The Average Gamer

First Impressions: Dead Space (iPad, iPod Touch/iPhone)

I got my hands on both the iPad and iPod Touch/iPhone versions of Dead Space at a Dead Space event a few days ago thanks to EA. I’m not going to talk about the plot, or include any spoilers; instead I’m going to cover what they are like to play. [Novel idea for a games website, eh? – Ed]

iPad Version:

The first thing you notice when playing Dead Space on the iPad is how gorgeous the whole thing looks. You know that Epic Citadel demo, where all you could do was roam freely around a pretty looking castle. Well, replace the castle with a space ship, add lots of horrible looking Necromorphs, add gameplay and you’ve got Dead Space iPad. Yes, this Dead Space game does look that good. I would say that the iPad version is comparable, in graphical terms at least, with the PC /consoles versions of Dead Space. EA have really put the effort into making the these particular Dead Space games look amazing. Also I didn’t notice any slow-down at all, even with several Necromorphs trying to rip my body apart. Very impressive.DeadSpace_iPad_Corridor

The second thing you notice is the game is not on rails. You can wander anywhere you want on the ship, which to be honest, tends to be up and down corridors. But still, it’s free roaming all the way. The control method is deceptively easy to use. I don’t have an iPad and I’d used one for about 5 minutes before I got to grips with one running Dead Space, so I’m no iPad ninja by any means. But within 30 seconds, I’d sussed out almost all the controls. Your left hand controls character movement with your right hand controlling the camera. Fairly simple so far. As there were no visible on screen controls, I just grabbed the iPad and started moving my character and aiming quite instinctively. You can practically grope any part of the screen to control your charter. It’s all been well thought out and implemented. Tap the screen to shoot and tap over the weapon in use to reload. There is also a automatic reload setting which saves you the hassle of manually reloading all the time. Yay.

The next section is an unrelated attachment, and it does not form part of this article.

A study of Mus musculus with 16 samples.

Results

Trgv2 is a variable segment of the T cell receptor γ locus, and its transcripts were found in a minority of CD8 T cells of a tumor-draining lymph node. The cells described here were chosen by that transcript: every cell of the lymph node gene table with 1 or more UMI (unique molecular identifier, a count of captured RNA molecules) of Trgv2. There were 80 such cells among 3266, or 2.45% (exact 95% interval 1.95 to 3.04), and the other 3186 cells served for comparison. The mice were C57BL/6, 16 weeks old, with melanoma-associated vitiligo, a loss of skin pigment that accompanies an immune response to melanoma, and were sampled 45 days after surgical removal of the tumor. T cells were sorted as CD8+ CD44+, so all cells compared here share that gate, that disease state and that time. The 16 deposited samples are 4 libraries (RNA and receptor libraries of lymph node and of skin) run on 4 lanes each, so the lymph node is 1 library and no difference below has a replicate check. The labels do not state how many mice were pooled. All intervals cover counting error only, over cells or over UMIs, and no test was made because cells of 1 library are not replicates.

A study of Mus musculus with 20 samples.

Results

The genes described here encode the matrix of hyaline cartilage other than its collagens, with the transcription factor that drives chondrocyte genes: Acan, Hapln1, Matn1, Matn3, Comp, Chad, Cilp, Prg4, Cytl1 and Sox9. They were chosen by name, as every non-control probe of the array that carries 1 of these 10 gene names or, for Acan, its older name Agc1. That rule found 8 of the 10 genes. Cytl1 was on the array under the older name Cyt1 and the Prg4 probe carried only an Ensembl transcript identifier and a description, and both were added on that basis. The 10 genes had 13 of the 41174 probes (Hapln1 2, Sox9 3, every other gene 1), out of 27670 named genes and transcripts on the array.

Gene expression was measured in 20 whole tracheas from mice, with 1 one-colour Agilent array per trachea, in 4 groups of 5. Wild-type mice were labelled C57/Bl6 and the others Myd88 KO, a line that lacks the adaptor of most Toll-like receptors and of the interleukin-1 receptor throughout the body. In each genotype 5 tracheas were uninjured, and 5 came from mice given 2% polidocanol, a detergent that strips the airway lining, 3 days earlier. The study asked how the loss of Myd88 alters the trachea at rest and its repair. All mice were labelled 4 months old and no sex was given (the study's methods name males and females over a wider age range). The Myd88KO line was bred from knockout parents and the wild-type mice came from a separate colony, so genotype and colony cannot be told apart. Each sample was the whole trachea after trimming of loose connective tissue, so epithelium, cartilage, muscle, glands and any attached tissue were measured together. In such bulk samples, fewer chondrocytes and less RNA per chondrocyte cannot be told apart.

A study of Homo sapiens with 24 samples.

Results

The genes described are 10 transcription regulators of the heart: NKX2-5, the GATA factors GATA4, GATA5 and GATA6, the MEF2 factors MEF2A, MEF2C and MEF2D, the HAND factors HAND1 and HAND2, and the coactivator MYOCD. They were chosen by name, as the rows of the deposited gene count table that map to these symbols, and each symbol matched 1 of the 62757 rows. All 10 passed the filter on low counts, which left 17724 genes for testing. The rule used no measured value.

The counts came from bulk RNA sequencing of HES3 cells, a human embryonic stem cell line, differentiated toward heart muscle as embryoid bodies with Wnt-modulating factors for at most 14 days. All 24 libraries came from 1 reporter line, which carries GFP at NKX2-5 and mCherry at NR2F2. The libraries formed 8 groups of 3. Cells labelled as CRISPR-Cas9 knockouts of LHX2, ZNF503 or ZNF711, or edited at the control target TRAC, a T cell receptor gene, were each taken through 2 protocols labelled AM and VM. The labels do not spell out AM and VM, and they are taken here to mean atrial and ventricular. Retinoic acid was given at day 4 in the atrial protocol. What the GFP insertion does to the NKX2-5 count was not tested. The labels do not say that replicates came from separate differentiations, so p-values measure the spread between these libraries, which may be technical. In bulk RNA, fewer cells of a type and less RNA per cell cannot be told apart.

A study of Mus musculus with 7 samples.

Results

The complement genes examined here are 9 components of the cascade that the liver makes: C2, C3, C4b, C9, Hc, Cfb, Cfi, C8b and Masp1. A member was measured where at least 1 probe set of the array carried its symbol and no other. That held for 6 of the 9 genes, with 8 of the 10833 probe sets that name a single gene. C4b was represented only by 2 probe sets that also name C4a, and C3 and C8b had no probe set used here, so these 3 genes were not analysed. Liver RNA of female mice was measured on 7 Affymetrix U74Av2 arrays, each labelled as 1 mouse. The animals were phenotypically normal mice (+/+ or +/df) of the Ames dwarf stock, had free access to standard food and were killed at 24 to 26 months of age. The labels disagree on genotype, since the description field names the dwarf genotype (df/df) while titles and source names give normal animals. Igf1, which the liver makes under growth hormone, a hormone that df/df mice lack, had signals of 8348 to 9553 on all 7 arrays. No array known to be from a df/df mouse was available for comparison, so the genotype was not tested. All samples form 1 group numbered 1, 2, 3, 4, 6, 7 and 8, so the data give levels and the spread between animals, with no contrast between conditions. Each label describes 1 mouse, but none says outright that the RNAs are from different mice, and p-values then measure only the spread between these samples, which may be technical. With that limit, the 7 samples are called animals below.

When you get up close and personal with the Necromorphs, which is a common occurance, you get to use your new plasma saw weapon. Arrows appear on the screen showing which way to swipe your finger in order to carve up the nasty Necromorph. These arrows also reappear when you are within stomping range of an object/body. The only problem I had initially was swiping my finger in the right area of the screen. I just kept missing the arrow, but after a few attempts I quickly got the hang of it. I think I was a little afraid of dropping the shiny iPad on the hard floor as I was standing up whilst playing.

Doors and lockers are easily opened or closed through tapping the screen when facing them. The HUD is hidden by default (nice touch), and can be shown by tapping once on the top right of the iPad screen. From the very simple HUD you can do a variety of things. You can select your different weapons (tap top right), activate the locator to see where to go (tap bottom left), use a power node (tap bottom right) and pause the game (tap top left). It is all very simple, unobtrusive, easy to use and nicely designed.

For the commuters amongst us, you will be pleased to know that the game automatically saves your progress at all times. Saving anywhere and at any time is an essential feature in hand-held games, though you may find yourself disturbing other passengers during Dead Space’s many scary/jumpy moments.

Even those people who haven’t played Dead Space before on the PC or consoles will find it extremely easy to play Dead Space on the iPad. The controls are simple and intuitive and before you know it you will be strategically dissecting Necromorphs in no time. Certainly a game worth playing and it makes a nice change from Angry Birds.

iPod Touch/iPhone Versions:

The iPod Touch and iPhone versions are almost identical to the iPad version, just on a tiny screen. Unsurprisingly, the controls and the gameplay are just the same. It did take me a few minutes to get used to the smaller screen after playing on an iPad, and moving my sausage fingers in such a way so that I could see what the heck was going on was tricky. However, I quickly got in to the swing of things and soon I was blasting every Necromorph I could find. This game is a total breeze to control.

As far as the graphics are concerned, take a gander at the video below to see them in action. Yes, it really does look that good!

Overall, I was very impressed with Dead Space on the iPad and iPod Touch/iPhone. The quality of the gameplay and the effortless controls exceeded my expectations. It is always nice to be surprised by a game every so often, just like I was with the first Dead Space game on the PC and consoles. I’d highly recommend checking these great mobile games out later on this week when they see the light of day on the App store.

Dead Space is released on the 25th Jan on the App store for iPod Touch, iPhone (both £3.99) and iPad (£5.99).